Converse has unveiled prototypes with natural glow-in-the dark paint and dye made from berries


Reduce, reuse, renew.

Converse has released new iterations of its iconic All Star sneakers, aptly designed by its own team of All Stars – a group of multitalented creatives from across the globe. With the release of the e-Dye and Saucolours sneakers, Converse cements its reputation as an innovative and socially conscious fashion brand.

What makes the limited-edition shoes special is that the styles were created with low-waste techniques and sustainable materials as part of the brand’s Renew Labs virtual store, a store that’s located on the biggest collection of rubbish in the middle of the ocean.


Amplifying the glowing or bioluminescent genes in E. coli bacteria gives the shoe its impressive natural paint that shines when the lights are out. But the toned-down colour palette and geometric design ensure it’s modern and wearable for day or night.

Nature also takes on a new form in the Saucolours release. Sambucus berries were used to make eco-friendly dyes. A single berry can create every colour of the rainbow, just by varying the acidity level. The unique method also minimises the water contamination and consumption needed to create a typical shoe.

Visual artist @pegge_ designed a hand-painted pattern that features a Basquiat-style crown on the muted and multi-colour Saucolours. These fresh drops are in addition to the formidable collection of environmentally-friendly shoes available to shop in the Converse Renew Labs store that sneakerheads can score by donating an amount of their choice to ocean non-for-profit, Take3.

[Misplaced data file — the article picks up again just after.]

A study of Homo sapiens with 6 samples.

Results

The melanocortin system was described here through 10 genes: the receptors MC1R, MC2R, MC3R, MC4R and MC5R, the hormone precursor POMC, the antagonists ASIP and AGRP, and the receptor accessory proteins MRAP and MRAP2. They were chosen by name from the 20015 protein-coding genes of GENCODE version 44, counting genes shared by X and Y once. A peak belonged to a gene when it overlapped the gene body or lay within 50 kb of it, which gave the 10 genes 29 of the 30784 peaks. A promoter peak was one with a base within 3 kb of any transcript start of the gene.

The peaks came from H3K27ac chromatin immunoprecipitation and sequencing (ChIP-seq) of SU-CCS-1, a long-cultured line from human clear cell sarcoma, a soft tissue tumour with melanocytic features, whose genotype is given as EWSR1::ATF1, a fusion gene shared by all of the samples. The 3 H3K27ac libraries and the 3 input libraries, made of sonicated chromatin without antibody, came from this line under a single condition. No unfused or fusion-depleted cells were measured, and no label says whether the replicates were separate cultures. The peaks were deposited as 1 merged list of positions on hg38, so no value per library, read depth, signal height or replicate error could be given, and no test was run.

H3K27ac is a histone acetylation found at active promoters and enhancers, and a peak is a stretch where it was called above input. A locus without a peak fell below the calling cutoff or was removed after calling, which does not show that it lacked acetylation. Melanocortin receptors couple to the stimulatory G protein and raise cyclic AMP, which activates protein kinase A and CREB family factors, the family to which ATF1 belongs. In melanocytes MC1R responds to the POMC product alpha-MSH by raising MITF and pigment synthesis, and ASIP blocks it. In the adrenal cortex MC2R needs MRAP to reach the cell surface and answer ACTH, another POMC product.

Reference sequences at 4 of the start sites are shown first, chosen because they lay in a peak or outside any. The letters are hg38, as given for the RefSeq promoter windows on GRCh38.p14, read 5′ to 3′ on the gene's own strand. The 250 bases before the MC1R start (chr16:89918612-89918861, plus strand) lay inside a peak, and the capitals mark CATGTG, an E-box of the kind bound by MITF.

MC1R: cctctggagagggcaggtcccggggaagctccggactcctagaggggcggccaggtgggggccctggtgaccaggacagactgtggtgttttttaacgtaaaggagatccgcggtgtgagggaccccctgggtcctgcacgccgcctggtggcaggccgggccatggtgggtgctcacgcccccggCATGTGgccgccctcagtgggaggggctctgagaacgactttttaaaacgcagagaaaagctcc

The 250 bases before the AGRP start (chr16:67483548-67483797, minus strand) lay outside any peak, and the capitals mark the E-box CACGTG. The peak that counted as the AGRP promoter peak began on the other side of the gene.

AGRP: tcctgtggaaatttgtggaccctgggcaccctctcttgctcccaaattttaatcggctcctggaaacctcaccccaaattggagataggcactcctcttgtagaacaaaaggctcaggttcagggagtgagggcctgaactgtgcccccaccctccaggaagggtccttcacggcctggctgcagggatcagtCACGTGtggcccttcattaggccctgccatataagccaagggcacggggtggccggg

Customers will then go in the running to score the one-of-a-kind prototypes. It’s all part of the Renew Labs initiative to help Converse remove one million pieces of rubbish from the Great Pacific Garbage Patch.

It’s also important to acknowledge the impact the fashion industry has on our environment, and the subsequent responsibility it holds to counteract that. Data from the United Nations Environment Programme reveals the fashion industry produces 10 per cent of global carbon emissions, while textile dyeing is the second-largest polluter of water worldwide.

Amongst a chorus of brands who are greenwashing in a poor attempt to keep up with consumer’s demands to do better, Converse sends a message that there’s always a way to renew what we do.

Find out more about the Converse Renew Labs and shop sneakers here.